Amish Friendship Bread made the rounds of every “bring a covered dish” occasion when I was a young wife and mother. At a recent picnic, my friend Lorraine brought it up.
“Hey,” she said, “Remember Amish Friendship Bread? I loved that stuff. I wonder why nobody makes it anymore? Maybe I can find the recipe online.”
Against my better judgment, I decided to make it for her upcoming birthday.
Let me educate those of you who have never heard of it. Amish Friendship Bread could be called the annoying “chain letter of baked goods”. It required only slightly less commitment than bringing a newborn home from the hospital. As a matter of fact, it is quite similar.
You must first obtain a portion of the mysterious “starter.” Unlike bringing home a newborn; most of us know the “starter” for that one. We either married him or picked him up at the nearest bar. Who am I to judge?
Usually, a previous baker of the bread handed the starter to you in a plastic bag. It was a thick, slurry, grayish-beige liquid. No one knows what ingredients make up Friendship Bread starter, or where it originated. For all we know, it could have evolved when a cavewoman boiled toenail clippings and mastodon droppings in herbal tea.
Friendship Bread starter has no discernible beginning or end and smells a bit like decaying road kill. While preparing for the baking process, the starter must be carefully nurtured for ten days, occasionally “feeding” it flour, milk, and sugar and then “burping” the excess air out of the plastic bag it is incubating in.
It is as much trouble as raising the orphaned fledgling of a rare and exotic bird which requires bi-hourly feeding with minced Australian earthworms braised in herbal tea and delivered into its tiny mouth with an eyedropper.
Anyway, I decided to make the best of it, in order to make Lorraine’s birthday surprise of fresh Amish Friendship Bread. I named my starter Cindy. For ten days I dutifully fed, burped, and watched over her as she lay on the kitchen counter bubbling, gurgling, and fermenting. If I forgot to burp her, she periodically would swell like an infected boil, threatening to rupture the bag and spew the contents all over the kitchen. I had to turn down an offer of a vacation with my family because I could not find a babysitter for Cindy.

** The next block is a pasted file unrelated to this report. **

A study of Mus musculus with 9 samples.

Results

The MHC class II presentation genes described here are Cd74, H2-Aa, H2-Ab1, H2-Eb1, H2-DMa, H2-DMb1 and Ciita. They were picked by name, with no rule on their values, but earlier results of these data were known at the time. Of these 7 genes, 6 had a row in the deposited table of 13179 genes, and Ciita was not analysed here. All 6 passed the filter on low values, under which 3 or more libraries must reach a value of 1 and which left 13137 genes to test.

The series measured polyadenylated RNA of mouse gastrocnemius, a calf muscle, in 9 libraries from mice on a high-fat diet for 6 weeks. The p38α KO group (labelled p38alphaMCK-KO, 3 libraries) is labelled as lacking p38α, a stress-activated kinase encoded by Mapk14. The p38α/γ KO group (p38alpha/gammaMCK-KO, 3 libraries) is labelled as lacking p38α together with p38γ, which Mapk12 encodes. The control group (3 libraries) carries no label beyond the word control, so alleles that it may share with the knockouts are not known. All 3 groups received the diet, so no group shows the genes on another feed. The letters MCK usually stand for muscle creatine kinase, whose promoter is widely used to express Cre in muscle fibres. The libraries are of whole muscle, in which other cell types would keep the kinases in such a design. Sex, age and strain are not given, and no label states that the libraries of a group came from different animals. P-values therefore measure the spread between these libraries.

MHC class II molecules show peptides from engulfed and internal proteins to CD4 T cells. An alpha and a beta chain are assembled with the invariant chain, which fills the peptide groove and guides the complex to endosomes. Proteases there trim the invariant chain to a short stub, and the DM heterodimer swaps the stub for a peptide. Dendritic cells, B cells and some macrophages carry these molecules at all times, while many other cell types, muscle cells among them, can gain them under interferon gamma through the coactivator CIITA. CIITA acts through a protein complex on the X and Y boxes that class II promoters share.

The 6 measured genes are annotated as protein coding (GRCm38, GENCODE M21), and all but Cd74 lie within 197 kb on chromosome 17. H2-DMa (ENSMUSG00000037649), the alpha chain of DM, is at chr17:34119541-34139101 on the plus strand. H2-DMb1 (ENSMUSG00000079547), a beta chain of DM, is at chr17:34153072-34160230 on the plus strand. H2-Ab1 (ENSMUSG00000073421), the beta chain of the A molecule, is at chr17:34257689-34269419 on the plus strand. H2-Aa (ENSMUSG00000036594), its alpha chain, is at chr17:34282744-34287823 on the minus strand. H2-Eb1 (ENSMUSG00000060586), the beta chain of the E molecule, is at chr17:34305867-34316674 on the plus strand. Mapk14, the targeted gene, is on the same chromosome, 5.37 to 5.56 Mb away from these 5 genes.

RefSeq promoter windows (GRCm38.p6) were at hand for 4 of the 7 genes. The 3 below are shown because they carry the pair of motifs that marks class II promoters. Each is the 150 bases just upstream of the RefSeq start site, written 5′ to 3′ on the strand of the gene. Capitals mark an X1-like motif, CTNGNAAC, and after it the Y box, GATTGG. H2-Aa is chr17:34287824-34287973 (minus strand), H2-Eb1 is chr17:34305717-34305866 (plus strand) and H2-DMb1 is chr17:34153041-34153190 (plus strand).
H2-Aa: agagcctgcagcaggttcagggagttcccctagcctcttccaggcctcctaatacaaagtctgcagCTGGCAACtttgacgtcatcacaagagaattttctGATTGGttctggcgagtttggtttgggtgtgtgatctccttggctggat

Then there was the ordeal of sibling rivalry. My son complained that I never had time for him or the rest of the family anymore. “Now, Son,” I reassured him, as I draped a cloth diaper over my shoulder and jiggled and patted a burp out of Cindy, “You know that Mommy loves you and Cindy both the same. She just needs me more than you do right now.”
I finally got Cindy raised and baked. Once you have completed the process, you are left with two sweet-tasting loaves. They are pretty good, but not worth the outlay. It could be compared to winning the Boston Marathon after five years of rigorous training, only to find out that first prize is an aerosol can of jock itch medication.
Once the loaves are baked, you are left with four new bags of “starter” for which you must find loving homes, preferably with someone too dumb to know better. At first, I approached my friends politely.
“Janice, How about taking one of these starters off my hands?”
“No, thanks,” she said. “I am too busy for that,” she added as she slowly backed away.
“Aw, Come on,” I wheedled. “Just one bag for old time’s sake. We have been friends since grade school. How about it?”
“I said NO! Leave me alone! I can’t take care of it! It would cramp my lifestyle! My breadbox is full! My husband and I made a conscious decision not to have any more bread! That is why I had the gas lines to my oven disconnected if you get my drift.”
“Take the #@&*!*#$ starter, you selfish pig!” I shouted as I sprinted down the street after her.
They should change the name of this stuff to Amish Friendless Bread. The word is out that I am trying to unload four starters and my friends are avoiding me like the mirror in a dressing room during bathing suit season. The only way I could become more of a social pariah is if I had a lit unfiltered cigarette hanging from my lower lip.
I would throw all four of the starters into the garbage, but I am pretty sure that is illegal in at least 35 states. So I am raising Cindy’s quadruplet siblings by myself. I am exhausted.
Yesterday was Lorraine’s birthday. Remember Lorraine? She is the friend for whom I went through the whole ordeal. I served her a piece of the freshly baked Amish Friendship Bread and watched her for the joyful reacting I was expecting.
She took a bite, gave it a minute’s thought, and said, “You know, this stuff is not as good as I remembered.”
She will be picking those bread crumbs out of her nose and ears for weeks.